Why hard work isn’t what makes good learners
Why is that some people are worse language learners no matter how hard they work?
Among the many emails/tweets and in-person comments I get about those who have tried and failed to learn languages, what comes up more often than not is something along the lines of “I know that I can't ever learn French/German/Chinese because I lived in the country, studied for 8 hours a day, attended the best language school on earth,
pirated got loaned the most expensive software and devoured it… and yet I don't speak the language!”
They list more and more things they attempted, as if the more things they say the more convinced I should be that they indeed are a special hopeless case. What I'm actually thinking each time they add something completely unrelated to the list, is If I was doing all that I'd probably get nowhere either!
I had the same misconception when I was learning Spanish for the first few months (where I got nowhere) that as long as I'm working hard I must be going in the right direction. This is flawed thinking, and I want to be an engineer again and use a comparison from vector theory!
Hard work with no solid direction in mind
I found this image here about how hard work without discipline is like random vectors that cancel each other and result in a zero. This visual is exactly how I feel when I retrospectively look back on my first six months of Spanish, where I:
- Studied the dictionary from page one
- Took a class because it was expensive (and must be good)
- Tried to read El señor de los anillos (Lord of the Rings) with a dictionary
- Crammed (and forgot) verb conjugation tables
- Had complex news broadcasts on in the background, hoping I would learn it subconsciously and passively
- Decided every week that next week would be the one where I was finally “ready”, just after I've learned a few more basic words…
- Studied a word list I found somewhere, always from the top to the bottom
This is quite a list of things to keep me busy! I was working hard but after six months I was still barely able to ask the most basic questions. I was your stereotypical hopeless case.
The problem is that all of these tasks are unrelated, random and focus on extremely dissimilar problems. I was essentially trying to pull myself in so many directions, that they all cancelled one another out until I ended up effectively back at zero.
The thinking goes (for a work-hard-on-everything mentality) that you should be learning how to improve your conjugation, pronunciation, common and uncommon vocabulary, word genders, reading skills, writing skills, exam skills, spoken skills, and everything else that is involved in learning a new language, and you need to be doing it all NOW.
So if you find yourself trying lots and getting nowhere, think of this:
Deliberate practice: Work SMART, not hard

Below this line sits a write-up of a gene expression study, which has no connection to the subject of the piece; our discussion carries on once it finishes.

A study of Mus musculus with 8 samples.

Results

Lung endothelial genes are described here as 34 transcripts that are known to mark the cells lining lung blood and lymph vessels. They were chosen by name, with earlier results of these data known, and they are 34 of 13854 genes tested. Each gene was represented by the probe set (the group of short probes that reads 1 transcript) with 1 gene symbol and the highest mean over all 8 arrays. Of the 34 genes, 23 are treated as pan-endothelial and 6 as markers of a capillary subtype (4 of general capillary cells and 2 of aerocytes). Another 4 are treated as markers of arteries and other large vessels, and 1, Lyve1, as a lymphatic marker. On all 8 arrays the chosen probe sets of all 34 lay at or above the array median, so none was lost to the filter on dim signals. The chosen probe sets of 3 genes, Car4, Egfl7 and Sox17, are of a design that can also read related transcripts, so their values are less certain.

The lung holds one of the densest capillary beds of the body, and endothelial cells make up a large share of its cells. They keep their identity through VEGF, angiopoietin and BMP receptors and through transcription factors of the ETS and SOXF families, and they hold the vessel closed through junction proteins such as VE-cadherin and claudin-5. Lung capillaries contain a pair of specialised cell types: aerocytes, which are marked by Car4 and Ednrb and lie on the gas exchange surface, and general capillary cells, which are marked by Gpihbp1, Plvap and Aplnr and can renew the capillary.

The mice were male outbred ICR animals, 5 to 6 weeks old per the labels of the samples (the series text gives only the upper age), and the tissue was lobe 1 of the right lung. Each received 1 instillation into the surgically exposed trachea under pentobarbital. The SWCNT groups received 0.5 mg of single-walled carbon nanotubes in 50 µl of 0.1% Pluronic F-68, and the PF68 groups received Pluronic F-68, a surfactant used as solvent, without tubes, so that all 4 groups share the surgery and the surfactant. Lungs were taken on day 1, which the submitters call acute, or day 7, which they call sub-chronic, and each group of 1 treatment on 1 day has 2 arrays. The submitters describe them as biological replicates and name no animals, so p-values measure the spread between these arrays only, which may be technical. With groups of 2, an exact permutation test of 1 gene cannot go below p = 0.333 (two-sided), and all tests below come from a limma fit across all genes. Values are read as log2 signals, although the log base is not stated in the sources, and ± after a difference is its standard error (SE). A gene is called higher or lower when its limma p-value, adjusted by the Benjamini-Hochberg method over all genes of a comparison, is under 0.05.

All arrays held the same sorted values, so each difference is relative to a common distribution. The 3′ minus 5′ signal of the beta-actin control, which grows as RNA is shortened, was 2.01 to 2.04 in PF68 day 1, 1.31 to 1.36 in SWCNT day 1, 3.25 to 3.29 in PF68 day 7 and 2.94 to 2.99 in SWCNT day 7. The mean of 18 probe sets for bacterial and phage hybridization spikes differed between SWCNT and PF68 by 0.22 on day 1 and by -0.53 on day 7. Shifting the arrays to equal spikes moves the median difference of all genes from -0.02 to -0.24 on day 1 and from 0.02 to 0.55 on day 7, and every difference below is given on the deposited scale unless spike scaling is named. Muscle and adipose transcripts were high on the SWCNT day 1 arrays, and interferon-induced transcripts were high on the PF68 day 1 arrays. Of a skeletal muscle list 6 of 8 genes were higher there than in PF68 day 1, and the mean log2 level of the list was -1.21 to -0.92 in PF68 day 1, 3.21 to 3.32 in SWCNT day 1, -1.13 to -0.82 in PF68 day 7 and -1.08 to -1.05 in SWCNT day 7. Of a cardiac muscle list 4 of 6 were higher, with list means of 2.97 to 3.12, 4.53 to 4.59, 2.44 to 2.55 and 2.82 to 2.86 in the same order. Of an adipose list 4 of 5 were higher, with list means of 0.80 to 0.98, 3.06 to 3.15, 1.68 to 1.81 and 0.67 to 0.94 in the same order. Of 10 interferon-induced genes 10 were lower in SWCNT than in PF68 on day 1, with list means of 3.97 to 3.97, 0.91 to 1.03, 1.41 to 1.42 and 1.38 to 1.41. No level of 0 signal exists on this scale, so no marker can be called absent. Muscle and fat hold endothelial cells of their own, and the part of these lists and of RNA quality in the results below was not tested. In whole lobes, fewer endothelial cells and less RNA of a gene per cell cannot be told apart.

What changed for me was that I decided not to just randomly pull my Spanish in whatever direction I could imagine, hoping it would get generally better, but to focus on specific problems.
I know this can seem counterinterative, because as a beginner, you imagine that your ultimate end-goal is to master the language. So you should be learning everything from the start. But rather than know a little of this and a little of that, being a confident speaker first (my first priority always) gives you the confidence and flow in the language to be better at learning harder words, or being able to read, or whatever your next focus is.
I wasn't speaking Spanish in my first six months, so I decided to make speaking Spanish the approach. I went up to every Spaniard I could and used the dozen or so words I knew with them. When I ran into a problem there and felt there was a word I needed more than anything, I looked that word up so I could use it next time.
When I was slightly better, I found other issues that came up that were the priority, so I went and fixed them. One problem at a time. And one thing to focus on at a time.
Everything I put time into required me to ask the question will this help me speak more Spanish with someone I may meet today, rather than will this help improve my general Spanish a little bit.
Every tiny bit of effort I put in, made me that extra bit better. I wasn't working as hard because learning Spanish started to become more fun, with daily (and hourly) rewards. It didn't feel like hard work, but it was consistently smart work.
This “deliberate practice” meant that when I was good at speaking, I moved on to other things, and did indeed become good at writing, reading and everything else required to pass the C2 (Mastery) exam in Spanish.
But I consider it a series of “vectors” building on one another sequentially, rather than a mess of learning random unrelated aspects of the language, that got me to where I am today.